5 steps to highly profitable bookkeeping cleanup projects

5 steps to highly profitable bookkeeping cleanup projects

Accepting anyone and everyone gets your business going. You quickly engage new clients after your initial consult. As your accounting practice grows, it’s in your interest to say no to some clients. That’s because some clients lower your profits.

A percentage of your new clients start off with a cleanup project. Depending on the condition of the books, these projects can be extremely complex. When you quickly review the books during the initial consult, it’s easy to underestimate the project’s scope.

Frustration builds as you realize the bookkeeping cleanup project has transformed into a nightmare. Designing a process to carefully select which projects you accept avoids these headaches.

Select your new clients

When you work with everyone, a portion of your clients will undervalue your accounting services. Since some business owners don’t fully grasp the essentials of bookkeeping, they are unaware of the true condition of their books, or simply don’t care.

Without some type of pre-qualifying process, you find yourself working with clients who don’t respect your time, resources, or expertise. Those clients, even if they become your highest paying clients, lower your profit margins. Why serve clients who don’t respect you?

Since it’s your accounting practice, you decide who you accept as a client. You’re not obligated to continue working with non-ideal clients. Letting these clients go lightens your workload and reduces overwhelm. Plus, you end up with ideal clients who are enjoyable to work with and more profitable.

Systems give you freedom

A pre-qualifying process that weeds out non-ideal clients protects your valuable time. With this process, you select which bookkeeping cleanup projects to accept and which to say no to. Then, watch your profits grow.

At this point, you may wonder how this works. Here’s my five-step process:

  1. Potential clients answer a select few questions prior to booking a consultation appointment. Check out the questions I ask.
  2. If it appears like it’s a good fit, then send a calendar link to schedule the consultation.
  3. Ask great questions to discover why they contacted you now.
  4. During initial consultations, both of you are deciding whether to work together.
  5. If it’s a yes, then discuss the next step. Offer to do a paid diagnostic review to fully scope the project.

Don’t rush the process

The beauty of a slow onboarding process is that you can identify the clients who value your service from the ones who don’t.

Slowing down the onboarding process immediately puts you in charge of the project. Plus, this lowers the risk of ending up with a more complicated cleanup project than anticipated.

Scoping the project allows you to accurately estimate what’s required to complete the project. And, you’ll want to check your calendar before meeting with the client to discuss next steps.

Determine your time frame through the following process:

  • Estimate start and end dates for the cleanup project.
  • Who on your team will be doing the cleanup?
  • List all additional resources required for the project.
  • Avoid delays by getting all necessary access prior to starting the project.
  • Educate your client regarding communication expectations, response times, and updates.

By the way, don’t overpromise and underdeliver. If you don’t currently have the time or resources available, then let your client know your availability. Clients who truly value your bookkeeping services will agree to wait a bit longer than originally anticipated for high-quality work.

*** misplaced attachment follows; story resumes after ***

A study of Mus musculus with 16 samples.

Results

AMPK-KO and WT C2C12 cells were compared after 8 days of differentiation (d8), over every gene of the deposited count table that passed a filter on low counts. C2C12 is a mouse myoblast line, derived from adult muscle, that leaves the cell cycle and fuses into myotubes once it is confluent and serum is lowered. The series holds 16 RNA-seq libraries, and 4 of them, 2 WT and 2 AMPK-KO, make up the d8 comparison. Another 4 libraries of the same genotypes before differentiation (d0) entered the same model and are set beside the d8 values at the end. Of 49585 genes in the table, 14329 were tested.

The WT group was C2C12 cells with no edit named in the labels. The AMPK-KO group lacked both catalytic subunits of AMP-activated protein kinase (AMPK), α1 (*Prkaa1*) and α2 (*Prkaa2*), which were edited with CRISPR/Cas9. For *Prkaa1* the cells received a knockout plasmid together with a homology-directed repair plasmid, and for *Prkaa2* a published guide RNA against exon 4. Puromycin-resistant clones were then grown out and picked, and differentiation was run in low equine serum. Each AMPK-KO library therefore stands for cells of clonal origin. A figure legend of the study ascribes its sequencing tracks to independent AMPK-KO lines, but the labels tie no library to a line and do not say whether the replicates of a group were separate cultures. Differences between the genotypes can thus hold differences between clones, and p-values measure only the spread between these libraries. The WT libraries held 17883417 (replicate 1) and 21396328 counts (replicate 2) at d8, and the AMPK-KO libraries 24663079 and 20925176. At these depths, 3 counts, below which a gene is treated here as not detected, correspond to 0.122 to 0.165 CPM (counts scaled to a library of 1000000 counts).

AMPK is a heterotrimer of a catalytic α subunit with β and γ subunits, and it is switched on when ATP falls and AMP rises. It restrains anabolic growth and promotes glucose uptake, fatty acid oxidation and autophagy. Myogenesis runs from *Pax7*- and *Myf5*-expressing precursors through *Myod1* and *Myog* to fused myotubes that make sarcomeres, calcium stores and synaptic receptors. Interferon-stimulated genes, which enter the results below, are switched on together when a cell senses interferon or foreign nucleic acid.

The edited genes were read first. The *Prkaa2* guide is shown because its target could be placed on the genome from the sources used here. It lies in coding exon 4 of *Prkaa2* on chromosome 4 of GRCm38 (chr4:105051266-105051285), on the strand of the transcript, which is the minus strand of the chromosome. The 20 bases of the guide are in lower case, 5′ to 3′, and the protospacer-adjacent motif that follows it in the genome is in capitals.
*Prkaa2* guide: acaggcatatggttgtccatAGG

The project details

After you complete the diagnostic and determine your time frame, meet with your client to discuss the next steps. Generally, clients are unaware of just how much work, time, energy, and other resources are necessary to complete their cleanup project or other accounting work.

During the follow-up meeting, review your recommendations and detail the project’s scope. Take advantage of technology by sharing your screen as you explain what’s involved. Then, patiently answer all questions to make sure your client grasps the project’s scope.

How to charge for bookkeeping cleanup projects

Slowing down your onboarding system increases your perceived value. Clients now view you as an advisor instead of a technician.

You raise the value of your services when you:

  • Decide not to work with everyone.
  • Offer a paid diagnostic review.
  • Review the scope of the cleanup project.
  • Educate about the benefits of accurate financials.
  • Discuss the next steps.

Instead of billing for your time, charge for the project’s value. Offer three options to choose from. Each package option includes a specific timeline for the project’s completion.

Consider these examples.

  • You complete the project in 6 weeks.
  • The project is completed in 4 weeks.
  • The project receives priority and is completed in 2 weeks.

Clients feel empowered when given choices about how to work with you. They no longer challenge your invoice.

With this approach, clients choose between completion dates. Delivery services offer similar options. Express service has greater value than the standard option.

It’s a win-win. Clients appreciate having options about how to work with you. My clients routinely earn two to five times more from bookkeeping cleanup projects with this approach.

Start value pricing your bookkeeping cleanup projects today

Carefully choose who becomes a client. Then, value price your bookkeeping cleanup projects. This process highlights the unique value of your accounting practice. As a result, you end up with ideal clients who respect your expertise and happily pay your rates.